President Bush says he is "excited, hopeful and appreciative" as he prepares for his second term. The president is unwavering in his commitment to the war on terror, but he will be a bit more disciplined with his rhetoric in his second term, he told ABC News' Barbara Walters in an exclusive White House interview.
Watch Barbara Walters' full report Friday at 10 p.m. on "20/20."
"I watch what I say. ... I said some things in the first term that were probably a little blunt. 'Bring it on' was a little blunt. I was really speaking to our troops, but it came out and had a different connotation, different meanings for others," he told Walters.
Bush used the phrase in July 2003 to say U.S. troops would not be scared off by Iraqi insurgents' attacks. During the presidential election campaign, his rival, Democratic Sen. John Kerry of Massachusetts, used the line to criticize administration policy. "If the White House wants to make this election about national security, I have three words they understand: 'Bring, it, on!' "
More recently, guerrillas in Iraq have used the president's words in a propaganda video narrated in English, according to the Reuters news agency. The narrator of the video says, "George W. Bush, you have asked us to 'bring it on.' And so help me, [we will ] like you never expected. Do you have another challenge?" The video then shows explosions around a U.S. military vehicle.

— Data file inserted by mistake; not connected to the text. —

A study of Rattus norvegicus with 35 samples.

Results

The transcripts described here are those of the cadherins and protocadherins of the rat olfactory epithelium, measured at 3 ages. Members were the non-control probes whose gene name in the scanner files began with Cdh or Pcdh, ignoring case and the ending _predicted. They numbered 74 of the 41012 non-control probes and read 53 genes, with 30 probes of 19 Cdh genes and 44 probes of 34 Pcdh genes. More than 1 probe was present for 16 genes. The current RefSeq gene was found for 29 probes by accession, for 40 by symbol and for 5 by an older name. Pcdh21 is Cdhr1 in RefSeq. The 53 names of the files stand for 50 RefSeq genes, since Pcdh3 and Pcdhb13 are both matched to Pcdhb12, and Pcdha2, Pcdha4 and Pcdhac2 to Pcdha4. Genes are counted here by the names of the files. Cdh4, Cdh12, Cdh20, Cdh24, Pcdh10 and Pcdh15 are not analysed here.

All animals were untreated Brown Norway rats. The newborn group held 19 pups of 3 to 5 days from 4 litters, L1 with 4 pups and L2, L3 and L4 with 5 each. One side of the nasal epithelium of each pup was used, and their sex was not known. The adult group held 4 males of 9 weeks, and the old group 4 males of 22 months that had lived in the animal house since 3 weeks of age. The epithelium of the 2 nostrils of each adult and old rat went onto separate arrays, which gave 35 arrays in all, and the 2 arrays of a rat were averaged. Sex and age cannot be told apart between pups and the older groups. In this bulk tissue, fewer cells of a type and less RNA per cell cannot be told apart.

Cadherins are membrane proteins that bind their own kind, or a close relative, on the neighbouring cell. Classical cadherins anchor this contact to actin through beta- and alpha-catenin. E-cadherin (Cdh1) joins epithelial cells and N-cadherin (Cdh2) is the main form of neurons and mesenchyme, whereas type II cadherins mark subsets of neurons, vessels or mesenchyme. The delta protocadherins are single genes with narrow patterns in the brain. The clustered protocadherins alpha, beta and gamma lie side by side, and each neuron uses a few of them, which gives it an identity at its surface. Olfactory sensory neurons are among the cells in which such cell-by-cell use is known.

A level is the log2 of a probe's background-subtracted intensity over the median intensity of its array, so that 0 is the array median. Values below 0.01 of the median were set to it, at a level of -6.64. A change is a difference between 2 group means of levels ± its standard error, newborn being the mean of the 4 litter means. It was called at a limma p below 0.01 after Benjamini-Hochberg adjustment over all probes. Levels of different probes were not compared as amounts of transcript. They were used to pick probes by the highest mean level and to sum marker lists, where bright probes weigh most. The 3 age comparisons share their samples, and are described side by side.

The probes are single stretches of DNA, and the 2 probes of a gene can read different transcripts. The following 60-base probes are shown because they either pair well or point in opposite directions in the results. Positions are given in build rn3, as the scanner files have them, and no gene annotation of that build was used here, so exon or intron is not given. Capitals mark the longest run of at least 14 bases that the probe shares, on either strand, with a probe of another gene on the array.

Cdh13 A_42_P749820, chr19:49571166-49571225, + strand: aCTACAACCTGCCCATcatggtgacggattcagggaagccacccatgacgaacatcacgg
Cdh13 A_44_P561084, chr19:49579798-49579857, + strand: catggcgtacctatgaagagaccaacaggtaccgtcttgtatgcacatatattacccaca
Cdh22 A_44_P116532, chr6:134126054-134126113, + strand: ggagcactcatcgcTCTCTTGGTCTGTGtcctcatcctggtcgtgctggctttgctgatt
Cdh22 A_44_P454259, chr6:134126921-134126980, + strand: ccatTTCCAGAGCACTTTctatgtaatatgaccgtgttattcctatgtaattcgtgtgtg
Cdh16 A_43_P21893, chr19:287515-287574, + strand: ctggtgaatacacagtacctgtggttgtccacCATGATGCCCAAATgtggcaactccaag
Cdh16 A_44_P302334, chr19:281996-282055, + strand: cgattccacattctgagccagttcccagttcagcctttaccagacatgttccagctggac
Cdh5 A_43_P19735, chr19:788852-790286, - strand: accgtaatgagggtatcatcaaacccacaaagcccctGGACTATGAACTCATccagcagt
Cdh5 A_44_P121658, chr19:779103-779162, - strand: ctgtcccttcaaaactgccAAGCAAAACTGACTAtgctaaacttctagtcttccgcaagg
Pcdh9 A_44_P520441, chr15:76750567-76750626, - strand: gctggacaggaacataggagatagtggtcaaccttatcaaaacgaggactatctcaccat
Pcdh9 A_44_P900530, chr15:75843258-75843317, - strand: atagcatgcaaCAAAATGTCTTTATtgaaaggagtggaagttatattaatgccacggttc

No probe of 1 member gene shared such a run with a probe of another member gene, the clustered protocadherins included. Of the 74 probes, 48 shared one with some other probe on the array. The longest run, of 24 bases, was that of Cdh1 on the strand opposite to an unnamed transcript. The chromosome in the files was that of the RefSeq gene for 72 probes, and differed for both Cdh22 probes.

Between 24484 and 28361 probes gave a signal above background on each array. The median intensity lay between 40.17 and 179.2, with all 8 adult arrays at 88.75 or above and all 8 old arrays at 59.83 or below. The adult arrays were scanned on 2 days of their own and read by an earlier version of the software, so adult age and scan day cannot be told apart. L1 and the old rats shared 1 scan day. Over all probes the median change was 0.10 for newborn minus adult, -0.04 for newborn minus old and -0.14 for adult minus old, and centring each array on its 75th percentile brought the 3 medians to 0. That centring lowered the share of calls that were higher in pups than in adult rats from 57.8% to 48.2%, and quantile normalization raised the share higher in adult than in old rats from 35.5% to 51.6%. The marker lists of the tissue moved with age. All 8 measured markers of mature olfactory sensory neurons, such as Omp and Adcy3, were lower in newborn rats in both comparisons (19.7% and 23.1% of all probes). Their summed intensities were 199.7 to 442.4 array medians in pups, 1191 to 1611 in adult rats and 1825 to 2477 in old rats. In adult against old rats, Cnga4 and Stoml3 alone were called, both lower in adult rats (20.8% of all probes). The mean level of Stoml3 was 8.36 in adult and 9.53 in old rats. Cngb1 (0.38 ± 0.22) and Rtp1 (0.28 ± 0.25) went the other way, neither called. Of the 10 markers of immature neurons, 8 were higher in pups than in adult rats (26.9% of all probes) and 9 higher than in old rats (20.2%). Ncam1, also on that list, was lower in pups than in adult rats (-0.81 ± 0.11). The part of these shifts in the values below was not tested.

Bush told Walters that the first lady criticized him for pledging after Sept. 11 to get al Qaeda leader Osama bin Laden "dead or alive."
"I'll be more disciplined in how I say things," the president, adding, "I have to be cautious about conveying thoughts in a way that doesn't send wrong impressions about our country."
Bush repeated that his administration will continue to make the war on terror a priority and continue its pursuit of bin Laden, the suspected mastermind of the Sept. 11, 2001, terror attacks.
Despite the recent release of taped messages in which bin Laden suggests that more attacks on American interests are being plotted, Bush said he believes the al Qaeda leader "is not as strong as he was."
"He's going to be weaker, and I intend to use our resources to bring him to justice," the president said. "We will stay on the hunt."
The president also told Walters he has no regrets about his administration's decision to wage war in Iraq, despite inspectors' failure to find any weapons of mass destruction in the country -- the chief rationale for the March 2003 invasion and toppling of Saddam Hussein's regime.
The White House acknowledged Wednesday that there is no longer an active search for Iraqi weapons of mass destruction. The final report from chief U.S. weapons inspector Charles Duelfer, due out next month, has concluded that "the former regime had no formal written strategy or plan for the revival of WMD."
The Bush administration does not hold out hopes that any weapons will ever be found.
"I felt like we'd find weapons of mass destruction -- like many here in the United States, many around the world. The United Nations thought he had weapons of mass destruction," Bush told Walters. "So, therefore: one, we need to find out what went wrong in the intelligence gathering. ... Saddam was dangerous and the world is safer without him in power."